SAN JOSE, Calif. With its latest 10 Gbit/second chip, Chelsio Communications Inc. aims to push ahead of a pack of competitors seeking design wins in data center systems expected to converge networking, storage and clustering functions on to Ethernet. The four-port T4 is the company's first to support Fibre Channel over Ethernet (FCoE) and new virtualization features.
Chelsio claims the T4 is the first chip to support in one device four key protocols including FCoE, iSCSI and TCP offload. It also includes an embedded switch to support the PCI Express standard for I/O virtualization. The switch can manage traffic among as many as 128 virtual machines in a single server.
"The problem has been that most 10 Gbit Ethernet chips are optimized for only one protocol," said Bob Wheeler, principal analyst at market watcher The Linley Group.
By contrast, the T4 "supports the latest protocol offloads in combination with the latest virtualization features," said Wheeler. "The major challenge for Chelsio is qualifying its FCoE software stack to compete with the proven stacks from QLogic and Emulex," he added.
Chelsio also reduced latency on the T4 to two microseconds for both RDMA and UDP protocols. It hopes the chip will compete favorably with Infiniband parts for use in computer clusters.
The 65 nm chip measures 27x27mm and consumes seven to 10 W average. It will sample before July. A paper describing the chip is available online.
"From here I think we will be focused on 40 and 100 Gbit Ethernet," said Kianoosh Naghshineh, chief executive of Chelsio (Sunnyvale, Calif.). "Those transitions will be faster than 10G was because the physical layer technology is not changing--it is using four and ten 10G channels," he said.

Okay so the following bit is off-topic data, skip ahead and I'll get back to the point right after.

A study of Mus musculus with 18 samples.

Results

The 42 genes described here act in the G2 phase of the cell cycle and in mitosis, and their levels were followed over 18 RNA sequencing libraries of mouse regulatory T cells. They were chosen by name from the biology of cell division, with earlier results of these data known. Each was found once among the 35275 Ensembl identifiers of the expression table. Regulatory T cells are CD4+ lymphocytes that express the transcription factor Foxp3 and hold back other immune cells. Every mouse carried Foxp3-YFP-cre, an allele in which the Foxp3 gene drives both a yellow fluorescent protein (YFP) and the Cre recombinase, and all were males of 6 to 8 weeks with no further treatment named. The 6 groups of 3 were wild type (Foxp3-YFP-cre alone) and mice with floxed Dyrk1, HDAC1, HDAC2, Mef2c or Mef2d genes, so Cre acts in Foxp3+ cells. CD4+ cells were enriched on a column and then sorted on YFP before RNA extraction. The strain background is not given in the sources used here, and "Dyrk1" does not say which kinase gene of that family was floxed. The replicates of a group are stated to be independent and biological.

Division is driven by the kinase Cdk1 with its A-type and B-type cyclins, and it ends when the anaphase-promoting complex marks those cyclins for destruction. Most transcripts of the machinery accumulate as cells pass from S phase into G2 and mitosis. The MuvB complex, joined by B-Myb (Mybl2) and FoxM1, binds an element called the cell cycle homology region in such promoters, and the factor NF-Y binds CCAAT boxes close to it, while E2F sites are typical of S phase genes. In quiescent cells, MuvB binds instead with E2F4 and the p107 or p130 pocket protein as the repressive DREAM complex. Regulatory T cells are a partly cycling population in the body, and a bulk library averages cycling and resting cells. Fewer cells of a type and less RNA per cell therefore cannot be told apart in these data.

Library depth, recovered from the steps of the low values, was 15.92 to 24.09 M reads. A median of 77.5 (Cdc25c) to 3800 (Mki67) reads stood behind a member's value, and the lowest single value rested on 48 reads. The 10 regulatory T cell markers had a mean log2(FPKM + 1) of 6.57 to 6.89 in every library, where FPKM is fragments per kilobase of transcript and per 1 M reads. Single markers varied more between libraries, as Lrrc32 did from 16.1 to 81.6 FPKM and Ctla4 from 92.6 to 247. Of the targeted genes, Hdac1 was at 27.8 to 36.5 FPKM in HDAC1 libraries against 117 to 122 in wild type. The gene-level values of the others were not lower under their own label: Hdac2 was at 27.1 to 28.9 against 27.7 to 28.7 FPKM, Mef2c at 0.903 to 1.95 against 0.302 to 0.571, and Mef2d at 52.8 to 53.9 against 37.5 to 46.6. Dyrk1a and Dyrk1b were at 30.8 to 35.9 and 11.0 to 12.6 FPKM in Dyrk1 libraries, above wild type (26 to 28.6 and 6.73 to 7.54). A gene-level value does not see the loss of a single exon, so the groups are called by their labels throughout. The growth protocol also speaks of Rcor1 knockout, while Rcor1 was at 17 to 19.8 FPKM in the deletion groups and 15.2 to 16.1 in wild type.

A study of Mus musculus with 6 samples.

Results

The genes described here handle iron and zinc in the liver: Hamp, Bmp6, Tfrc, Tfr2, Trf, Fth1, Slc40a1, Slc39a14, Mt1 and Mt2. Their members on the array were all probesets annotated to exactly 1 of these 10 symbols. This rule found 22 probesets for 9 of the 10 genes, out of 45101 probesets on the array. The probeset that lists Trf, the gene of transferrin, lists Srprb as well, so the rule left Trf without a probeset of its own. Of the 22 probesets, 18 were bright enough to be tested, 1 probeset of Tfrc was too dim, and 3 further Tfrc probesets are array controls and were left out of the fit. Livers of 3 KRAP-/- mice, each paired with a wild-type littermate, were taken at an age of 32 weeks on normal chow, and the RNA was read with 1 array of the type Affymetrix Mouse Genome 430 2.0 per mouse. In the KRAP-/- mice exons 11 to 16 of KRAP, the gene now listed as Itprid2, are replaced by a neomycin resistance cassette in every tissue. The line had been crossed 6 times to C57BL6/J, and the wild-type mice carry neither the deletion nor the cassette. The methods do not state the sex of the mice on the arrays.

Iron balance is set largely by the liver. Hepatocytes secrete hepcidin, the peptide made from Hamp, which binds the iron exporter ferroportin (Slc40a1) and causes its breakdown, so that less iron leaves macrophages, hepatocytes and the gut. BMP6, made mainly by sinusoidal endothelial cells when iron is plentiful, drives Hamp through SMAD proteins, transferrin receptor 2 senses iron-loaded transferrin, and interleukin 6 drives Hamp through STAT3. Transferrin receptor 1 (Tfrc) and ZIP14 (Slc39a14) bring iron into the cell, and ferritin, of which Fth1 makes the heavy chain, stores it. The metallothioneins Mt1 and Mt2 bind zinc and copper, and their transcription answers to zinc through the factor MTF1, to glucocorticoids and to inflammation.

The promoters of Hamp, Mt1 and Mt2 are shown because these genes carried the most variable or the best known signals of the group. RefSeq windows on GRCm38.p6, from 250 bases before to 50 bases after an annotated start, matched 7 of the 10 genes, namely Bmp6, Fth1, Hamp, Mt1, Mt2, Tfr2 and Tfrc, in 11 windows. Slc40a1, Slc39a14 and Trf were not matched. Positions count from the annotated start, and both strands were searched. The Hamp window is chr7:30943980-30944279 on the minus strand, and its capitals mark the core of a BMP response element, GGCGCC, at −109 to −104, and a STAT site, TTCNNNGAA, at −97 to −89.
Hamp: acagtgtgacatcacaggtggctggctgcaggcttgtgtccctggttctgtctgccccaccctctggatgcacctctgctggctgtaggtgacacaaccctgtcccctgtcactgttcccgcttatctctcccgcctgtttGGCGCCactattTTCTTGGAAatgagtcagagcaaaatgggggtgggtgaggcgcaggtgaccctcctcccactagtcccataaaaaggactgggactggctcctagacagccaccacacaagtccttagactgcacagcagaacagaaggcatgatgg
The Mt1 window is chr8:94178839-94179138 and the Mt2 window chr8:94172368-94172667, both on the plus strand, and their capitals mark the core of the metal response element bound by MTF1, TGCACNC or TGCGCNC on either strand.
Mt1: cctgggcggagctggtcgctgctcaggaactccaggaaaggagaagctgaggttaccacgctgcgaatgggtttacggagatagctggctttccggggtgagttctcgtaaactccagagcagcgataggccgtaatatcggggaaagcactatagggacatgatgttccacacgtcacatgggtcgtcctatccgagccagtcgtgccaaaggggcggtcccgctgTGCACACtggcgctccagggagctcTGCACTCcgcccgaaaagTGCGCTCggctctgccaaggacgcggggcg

"There will also be cost reductions and a latency road map to a sub-microsecond solution," Naghshineh said of his future plans.
At conferences in February, engineers said they are hard at work on the first generation of 40 and 100G Ethernet chips as well as 25G serdes, driven by demand from carriers.
"Mellanox already supports 40 Gbit links on its ConnectX-2 silicon, which also supports quad-data-rate InfiniBand," said Wheeler. "But line-rate 40Gbit links will require PCIe Gen3 on the server platform," he added.
Naghshineh said Chelsio had 2009 revenues of $23 million, based in part on sales of about 65,000 of its T3 chips. It expects revenues of as much as $40 million this year. Profitability is "days away," he added.
The company does not anticipate raising any more venture capital and is not seeking either an acquisition or a public offering, he said.